Under 18? Avoid sports drinks and energy drinks

WORLD NEWS

 

The American Academy of Pediatrics recommends against caffeine consumption for children and teens because of potentially harmful effects from the mild stimulant, including increases in heart rate and blood pressure, and worsening anxiety in those with anxiety disorders.

The World Health Organization (WHO) called energy drinks a “danger to public health,” especially among young people.

WHO health officials are concerned with the beverages because they can be consumed quickly, unlike hot coffee, and can lead to caffeine intoxication.

The American Academy of Pediatrics recommends against caffeine consumption for children and teens because of potentially harmful effects from the mild stimulant, including increases in heart rate and blood pressure, and worsening anxiety in those with anxiety disorders.

The World Health Organization (WHO) called energy drinks a “danger to public health,” especially among young people.

WHO health officials are concerned with the beverages because they can be consumed quickly, unlike hot coffee, and can lead to caffeine intoxication.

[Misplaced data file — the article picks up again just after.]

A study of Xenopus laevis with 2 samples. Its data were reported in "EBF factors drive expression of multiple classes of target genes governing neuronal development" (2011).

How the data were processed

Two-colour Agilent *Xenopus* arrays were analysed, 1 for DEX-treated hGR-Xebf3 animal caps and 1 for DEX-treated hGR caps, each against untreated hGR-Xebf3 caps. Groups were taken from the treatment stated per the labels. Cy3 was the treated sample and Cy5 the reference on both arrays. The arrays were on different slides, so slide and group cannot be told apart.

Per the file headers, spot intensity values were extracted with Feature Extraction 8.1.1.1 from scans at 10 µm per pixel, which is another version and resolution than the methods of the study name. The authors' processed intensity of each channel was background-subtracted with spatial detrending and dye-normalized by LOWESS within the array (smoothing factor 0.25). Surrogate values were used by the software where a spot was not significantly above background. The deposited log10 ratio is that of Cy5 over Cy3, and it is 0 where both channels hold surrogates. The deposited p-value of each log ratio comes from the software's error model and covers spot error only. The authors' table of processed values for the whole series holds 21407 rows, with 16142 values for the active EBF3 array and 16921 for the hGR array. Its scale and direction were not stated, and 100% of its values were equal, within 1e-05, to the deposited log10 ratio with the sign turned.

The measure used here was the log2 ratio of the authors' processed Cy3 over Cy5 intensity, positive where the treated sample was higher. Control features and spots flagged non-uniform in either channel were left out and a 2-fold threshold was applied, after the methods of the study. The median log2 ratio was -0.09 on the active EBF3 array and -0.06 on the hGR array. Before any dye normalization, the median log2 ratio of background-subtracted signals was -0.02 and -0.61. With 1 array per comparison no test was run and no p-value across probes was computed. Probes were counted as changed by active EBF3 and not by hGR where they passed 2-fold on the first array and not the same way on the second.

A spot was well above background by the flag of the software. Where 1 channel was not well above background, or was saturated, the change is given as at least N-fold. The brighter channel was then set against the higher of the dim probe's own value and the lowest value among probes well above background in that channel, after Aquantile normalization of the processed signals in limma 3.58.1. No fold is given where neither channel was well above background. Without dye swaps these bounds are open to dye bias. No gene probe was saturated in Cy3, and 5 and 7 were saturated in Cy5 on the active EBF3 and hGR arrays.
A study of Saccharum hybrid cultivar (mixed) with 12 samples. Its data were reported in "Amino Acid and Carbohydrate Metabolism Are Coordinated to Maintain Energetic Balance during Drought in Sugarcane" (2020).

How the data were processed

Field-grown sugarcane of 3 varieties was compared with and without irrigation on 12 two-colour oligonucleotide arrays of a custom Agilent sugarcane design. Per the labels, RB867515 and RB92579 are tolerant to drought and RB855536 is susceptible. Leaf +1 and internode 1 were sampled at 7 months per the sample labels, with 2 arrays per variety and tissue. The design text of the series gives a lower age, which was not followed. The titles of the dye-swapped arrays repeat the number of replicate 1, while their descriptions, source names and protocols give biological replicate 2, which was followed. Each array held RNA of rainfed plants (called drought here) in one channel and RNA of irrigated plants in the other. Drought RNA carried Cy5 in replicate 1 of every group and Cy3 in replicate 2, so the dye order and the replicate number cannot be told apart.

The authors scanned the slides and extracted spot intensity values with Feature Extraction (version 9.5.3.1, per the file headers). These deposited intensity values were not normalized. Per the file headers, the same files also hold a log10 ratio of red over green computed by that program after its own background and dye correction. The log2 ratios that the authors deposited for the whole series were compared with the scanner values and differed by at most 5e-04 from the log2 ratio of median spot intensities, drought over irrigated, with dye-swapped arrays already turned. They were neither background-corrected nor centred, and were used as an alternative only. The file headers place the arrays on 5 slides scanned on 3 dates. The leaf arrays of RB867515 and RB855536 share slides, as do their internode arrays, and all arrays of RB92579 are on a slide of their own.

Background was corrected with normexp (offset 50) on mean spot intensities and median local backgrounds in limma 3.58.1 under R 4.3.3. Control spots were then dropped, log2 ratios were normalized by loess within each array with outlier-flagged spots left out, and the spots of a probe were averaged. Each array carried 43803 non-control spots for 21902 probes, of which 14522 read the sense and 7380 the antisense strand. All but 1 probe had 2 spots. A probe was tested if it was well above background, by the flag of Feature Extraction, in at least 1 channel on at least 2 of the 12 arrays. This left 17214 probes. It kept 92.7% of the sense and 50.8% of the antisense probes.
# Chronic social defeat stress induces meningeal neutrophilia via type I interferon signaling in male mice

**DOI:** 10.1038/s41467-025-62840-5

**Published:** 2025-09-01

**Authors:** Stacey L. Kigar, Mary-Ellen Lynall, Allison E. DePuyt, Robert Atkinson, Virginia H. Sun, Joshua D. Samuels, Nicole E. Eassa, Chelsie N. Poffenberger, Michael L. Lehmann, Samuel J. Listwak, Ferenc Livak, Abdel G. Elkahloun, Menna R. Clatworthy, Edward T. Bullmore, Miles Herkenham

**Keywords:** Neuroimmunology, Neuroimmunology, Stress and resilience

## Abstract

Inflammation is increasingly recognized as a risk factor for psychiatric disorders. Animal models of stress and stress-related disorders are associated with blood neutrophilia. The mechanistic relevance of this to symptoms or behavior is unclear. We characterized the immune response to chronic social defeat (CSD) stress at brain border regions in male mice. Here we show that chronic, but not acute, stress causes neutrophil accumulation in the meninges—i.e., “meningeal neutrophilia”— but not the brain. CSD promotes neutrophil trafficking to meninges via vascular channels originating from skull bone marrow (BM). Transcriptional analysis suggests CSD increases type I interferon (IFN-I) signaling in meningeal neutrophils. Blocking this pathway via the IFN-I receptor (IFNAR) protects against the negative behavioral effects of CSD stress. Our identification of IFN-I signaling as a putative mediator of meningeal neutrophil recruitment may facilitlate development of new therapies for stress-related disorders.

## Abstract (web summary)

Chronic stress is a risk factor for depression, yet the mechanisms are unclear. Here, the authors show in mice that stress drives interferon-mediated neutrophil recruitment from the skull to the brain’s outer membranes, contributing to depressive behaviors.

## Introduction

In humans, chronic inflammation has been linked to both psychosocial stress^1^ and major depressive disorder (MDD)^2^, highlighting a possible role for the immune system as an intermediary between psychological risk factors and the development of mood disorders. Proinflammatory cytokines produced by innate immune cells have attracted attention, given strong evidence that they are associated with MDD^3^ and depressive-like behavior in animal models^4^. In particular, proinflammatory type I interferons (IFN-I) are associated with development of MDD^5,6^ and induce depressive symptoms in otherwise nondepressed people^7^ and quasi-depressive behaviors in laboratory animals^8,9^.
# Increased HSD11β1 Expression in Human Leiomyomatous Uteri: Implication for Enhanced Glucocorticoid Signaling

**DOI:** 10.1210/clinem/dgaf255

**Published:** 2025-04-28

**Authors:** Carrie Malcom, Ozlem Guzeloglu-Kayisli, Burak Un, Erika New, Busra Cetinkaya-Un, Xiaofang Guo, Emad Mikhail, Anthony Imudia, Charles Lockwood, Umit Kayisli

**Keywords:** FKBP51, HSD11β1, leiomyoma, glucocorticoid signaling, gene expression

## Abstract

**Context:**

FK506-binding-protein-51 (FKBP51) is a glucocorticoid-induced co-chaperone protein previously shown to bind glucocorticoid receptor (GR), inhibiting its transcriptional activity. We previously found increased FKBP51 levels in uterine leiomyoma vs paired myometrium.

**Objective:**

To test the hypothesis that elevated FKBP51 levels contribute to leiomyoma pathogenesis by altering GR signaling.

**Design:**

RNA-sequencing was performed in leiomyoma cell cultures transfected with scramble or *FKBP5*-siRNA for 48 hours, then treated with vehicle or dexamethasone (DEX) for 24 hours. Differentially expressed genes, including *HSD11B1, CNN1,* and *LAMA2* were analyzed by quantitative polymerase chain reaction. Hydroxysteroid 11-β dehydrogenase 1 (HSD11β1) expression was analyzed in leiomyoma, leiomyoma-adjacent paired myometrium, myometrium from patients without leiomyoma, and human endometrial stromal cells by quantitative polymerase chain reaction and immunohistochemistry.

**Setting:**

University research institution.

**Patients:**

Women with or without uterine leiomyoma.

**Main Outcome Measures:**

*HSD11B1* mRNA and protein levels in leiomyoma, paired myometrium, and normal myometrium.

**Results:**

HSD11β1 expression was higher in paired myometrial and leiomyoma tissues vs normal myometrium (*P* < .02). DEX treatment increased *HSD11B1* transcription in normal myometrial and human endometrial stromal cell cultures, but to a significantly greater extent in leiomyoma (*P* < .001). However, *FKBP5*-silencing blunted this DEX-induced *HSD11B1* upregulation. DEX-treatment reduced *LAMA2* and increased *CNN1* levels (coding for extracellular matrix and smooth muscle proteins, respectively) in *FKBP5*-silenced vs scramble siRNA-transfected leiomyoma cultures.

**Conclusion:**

Energy drinks can contain pharmaceutical-grade caffeine and additional caffeine from natural sources – this is why kids’ hearts race and their blood pressure levels climb.

Some beverages contain up to 400 milligrams of caffeine in a can or bottle – a cup of coffee contains about 150 milligrams in comparison.

Sports drinks contain electrolytes and other minerals, but that’s not what’s worrisome to the pediatricians. It’s the sugar content, once again.

“They’re high in sugar which could lead to children being overweight. It contributes to obesity and dental caries,” Pound said.

“The vast majority of kids doing regular sporting activity don’t need sports drinks. Water does the trick for rehydration,” Pound said.

“Sports drinks are functional beverages that help people hydrate before, during and after vigorous exercise. They can provide nutrients and quickly replenish electrolytes and carbohydrates lost during physical activity or exposure to high temperatures. They are not intended to replace water as a source of hydration but are complimentary to the water that many athletes drink as well,” the CBA said in a statement.